Jennifer Baker has two daughters with Type 1 Diabetes.
"Insulin is keeping them alive," Baker said.
The girls wear insulin pumps, check their blood sugar levels and measure their carbs. Last fall, Baker learned of a potential problem in the specific insulin pump used by her daughter, Madison.
The radio frequency between the remote control and the pump, could be hacked, according to Johnson & Johnson.
The risk is low and a hacker would have to be within several feet of Madison to access the signal. But her pump is one of several medical devices the government has identified as being vulnerable.
The Food and Drug Administration has issued numerous alerts. In January, the agency issued a warning that the wireless signal between St. Jude's Medical Center pacemakers and their transmitter, could be hacked which could, "result in rapid battery depletion and-or administration of inappropriate pacing or shocks."
In 2015, the FDA said Hospira Infusion pumps could be accessed through a hospital's network and, "this could allow an unauthorized user to control the device and change the dosage the pump delivers."
"In theory, the risk is there to over-administer a lethal level of a type of pharmaceutical to a person, " said cyber-security expert Ali Alwan.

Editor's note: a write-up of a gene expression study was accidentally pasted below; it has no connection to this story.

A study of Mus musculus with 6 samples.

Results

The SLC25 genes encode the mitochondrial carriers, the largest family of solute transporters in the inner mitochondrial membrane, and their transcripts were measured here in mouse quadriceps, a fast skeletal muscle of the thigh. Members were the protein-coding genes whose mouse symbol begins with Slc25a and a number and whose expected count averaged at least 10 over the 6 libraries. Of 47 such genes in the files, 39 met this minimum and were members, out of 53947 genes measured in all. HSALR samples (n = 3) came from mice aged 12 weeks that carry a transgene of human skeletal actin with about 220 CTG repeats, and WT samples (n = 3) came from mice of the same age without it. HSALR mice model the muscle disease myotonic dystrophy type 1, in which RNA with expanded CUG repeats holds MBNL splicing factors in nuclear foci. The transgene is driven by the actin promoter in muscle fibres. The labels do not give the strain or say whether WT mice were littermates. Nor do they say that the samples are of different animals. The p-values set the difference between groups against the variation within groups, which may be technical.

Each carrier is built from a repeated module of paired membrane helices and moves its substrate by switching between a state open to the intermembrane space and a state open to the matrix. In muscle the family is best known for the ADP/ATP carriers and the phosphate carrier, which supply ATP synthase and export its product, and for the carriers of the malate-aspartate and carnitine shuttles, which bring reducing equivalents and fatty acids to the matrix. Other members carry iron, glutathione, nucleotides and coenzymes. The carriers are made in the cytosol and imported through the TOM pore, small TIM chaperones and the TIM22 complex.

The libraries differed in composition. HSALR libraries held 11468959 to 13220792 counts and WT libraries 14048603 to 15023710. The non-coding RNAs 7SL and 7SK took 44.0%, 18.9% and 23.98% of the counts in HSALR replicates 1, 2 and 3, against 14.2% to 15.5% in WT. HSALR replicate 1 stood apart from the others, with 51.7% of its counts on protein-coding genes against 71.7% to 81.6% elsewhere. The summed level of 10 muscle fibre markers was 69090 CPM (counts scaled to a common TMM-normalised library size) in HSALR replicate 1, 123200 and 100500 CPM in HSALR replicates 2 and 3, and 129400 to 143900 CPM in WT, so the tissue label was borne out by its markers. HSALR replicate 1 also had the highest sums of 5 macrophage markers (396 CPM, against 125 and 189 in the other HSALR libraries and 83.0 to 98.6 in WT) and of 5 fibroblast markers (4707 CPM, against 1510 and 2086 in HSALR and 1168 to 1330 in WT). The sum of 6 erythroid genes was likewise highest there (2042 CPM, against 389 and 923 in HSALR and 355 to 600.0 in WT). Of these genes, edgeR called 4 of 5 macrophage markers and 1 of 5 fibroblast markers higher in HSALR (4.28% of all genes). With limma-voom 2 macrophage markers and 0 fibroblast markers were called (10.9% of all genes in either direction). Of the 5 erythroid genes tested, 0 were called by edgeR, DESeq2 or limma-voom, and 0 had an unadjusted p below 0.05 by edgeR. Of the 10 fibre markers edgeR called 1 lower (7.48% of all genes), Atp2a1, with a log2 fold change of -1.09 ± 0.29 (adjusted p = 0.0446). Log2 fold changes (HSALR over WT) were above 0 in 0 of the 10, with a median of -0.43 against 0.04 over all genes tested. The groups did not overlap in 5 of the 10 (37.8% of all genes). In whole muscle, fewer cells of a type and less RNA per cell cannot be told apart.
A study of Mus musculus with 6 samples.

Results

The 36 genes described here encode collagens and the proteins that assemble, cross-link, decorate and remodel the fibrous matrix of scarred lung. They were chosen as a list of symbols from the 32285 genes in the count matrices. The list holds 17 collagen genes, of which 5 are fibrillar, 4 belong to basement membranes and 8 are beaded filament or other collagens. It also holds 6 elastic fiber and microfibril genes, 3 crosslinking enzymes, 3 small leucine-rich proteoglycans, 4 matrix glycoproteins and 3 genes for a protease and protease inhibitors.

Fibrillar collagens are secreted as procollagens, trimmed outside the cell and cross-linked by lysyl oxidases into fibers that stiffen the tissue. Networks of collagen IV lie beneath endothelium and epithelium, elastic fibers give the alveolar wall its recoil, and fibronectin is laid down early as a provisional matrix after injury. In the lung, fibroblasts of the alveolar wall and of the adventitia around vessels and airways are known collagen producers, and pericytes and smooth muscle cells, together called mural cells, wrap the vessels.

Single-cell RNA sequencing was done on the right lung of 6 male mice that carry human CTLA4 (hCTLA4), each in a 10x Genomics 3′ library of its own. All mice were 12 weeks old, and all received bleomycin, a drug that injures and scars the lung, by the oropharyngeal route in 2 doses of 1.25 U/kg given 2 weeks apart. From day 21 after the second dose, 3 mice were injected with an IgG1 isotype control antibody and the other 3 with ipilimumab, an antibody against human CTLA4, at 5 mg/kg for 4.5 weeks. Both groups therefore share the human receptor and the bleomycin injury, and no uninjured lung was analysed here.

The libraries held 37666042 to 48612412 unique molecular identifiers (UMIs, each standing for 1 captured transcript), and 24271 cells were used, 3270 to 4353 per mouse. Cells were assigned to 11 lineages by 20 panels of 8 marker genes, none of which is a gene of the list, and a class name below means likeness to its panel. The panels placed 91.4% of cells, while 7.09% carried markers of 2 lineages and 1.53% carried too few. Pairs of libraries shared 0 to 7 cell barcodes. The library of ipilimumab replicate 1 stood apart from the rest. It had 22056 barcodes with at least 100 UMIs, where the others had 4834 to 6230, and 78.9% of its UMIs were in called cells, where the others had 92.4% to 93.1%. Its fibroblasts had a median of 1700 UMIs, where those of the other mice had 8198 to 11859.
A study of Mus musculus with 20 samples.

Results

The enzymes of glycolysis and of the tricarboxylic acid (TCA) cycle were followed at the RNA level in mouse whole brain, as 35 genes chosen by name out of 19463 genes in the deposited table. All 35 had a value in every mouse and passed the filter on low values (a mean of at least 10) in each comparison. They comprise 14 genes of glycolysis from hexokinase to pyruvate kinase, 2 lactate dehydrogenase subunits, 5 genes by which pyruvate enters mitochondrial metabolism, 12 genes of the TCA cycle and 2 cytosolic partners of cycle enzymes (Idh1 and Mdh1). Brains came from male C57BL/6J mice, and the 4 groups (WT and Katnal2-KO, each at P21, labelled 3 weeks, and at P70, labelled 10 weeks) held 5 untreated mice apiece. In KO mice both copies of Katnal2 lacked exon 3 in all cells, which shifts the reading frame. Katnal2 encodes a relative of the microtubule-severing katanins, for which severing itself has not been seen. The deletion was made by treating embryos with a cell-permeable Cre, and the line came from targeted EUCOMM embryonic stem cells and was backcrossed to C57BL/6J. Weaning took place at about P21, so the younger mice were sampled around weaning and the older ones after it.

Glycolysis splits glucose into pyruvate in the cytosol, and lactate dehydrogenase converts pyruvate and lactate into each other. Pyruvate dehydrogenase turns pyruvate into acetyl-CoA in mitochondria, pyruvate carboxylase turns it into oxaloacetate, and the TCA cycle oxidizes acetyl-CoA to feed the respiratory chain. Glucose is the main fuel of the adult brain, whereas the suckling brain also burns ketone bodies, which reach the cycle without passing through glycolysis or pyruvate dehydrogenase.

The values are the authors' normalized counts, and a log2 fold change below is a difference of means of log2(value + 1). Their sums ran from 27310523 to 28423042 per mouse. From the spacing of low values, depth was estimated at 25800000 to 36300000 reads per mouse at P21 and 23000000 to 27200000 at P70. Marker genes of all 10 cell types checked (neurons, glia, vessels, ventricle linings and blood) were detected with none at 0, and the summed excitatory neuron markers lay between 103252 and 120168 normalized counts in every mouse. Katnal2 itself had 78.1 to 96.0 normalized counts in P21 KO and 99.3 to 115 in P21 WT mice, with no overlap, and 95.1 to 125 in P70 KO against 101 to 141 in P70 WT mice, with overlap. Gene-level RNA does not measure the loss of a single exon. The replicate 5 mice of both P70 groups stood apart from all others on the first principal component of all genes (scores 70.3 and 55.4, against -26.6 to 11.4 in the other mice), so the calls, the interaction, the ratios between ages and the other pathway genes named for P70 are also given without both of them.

He said there are no known cases of patients being killed or injured but controlling the equipment is not the only concern. Hacking your health could be the newest way to reach your wallet.
"The reason medical data is worth more is, it's very descriptive. It knows your height, your weight, the color of your eyes in many cases," said Alwan. "If you think about how you apply for credit or how you impersonate someone's identity, the more more descriptive information you have, it becomes so much more valuable."
We asked Miami Valley Hospital, Children's and Kettering Hospital what steps they are taking to protect patients against medical device hacking. Only Kettering responded and a spokesperson said, the hospital "cannot disclose the processes used to protect patients but is actively working to help ensure the security of medical devices."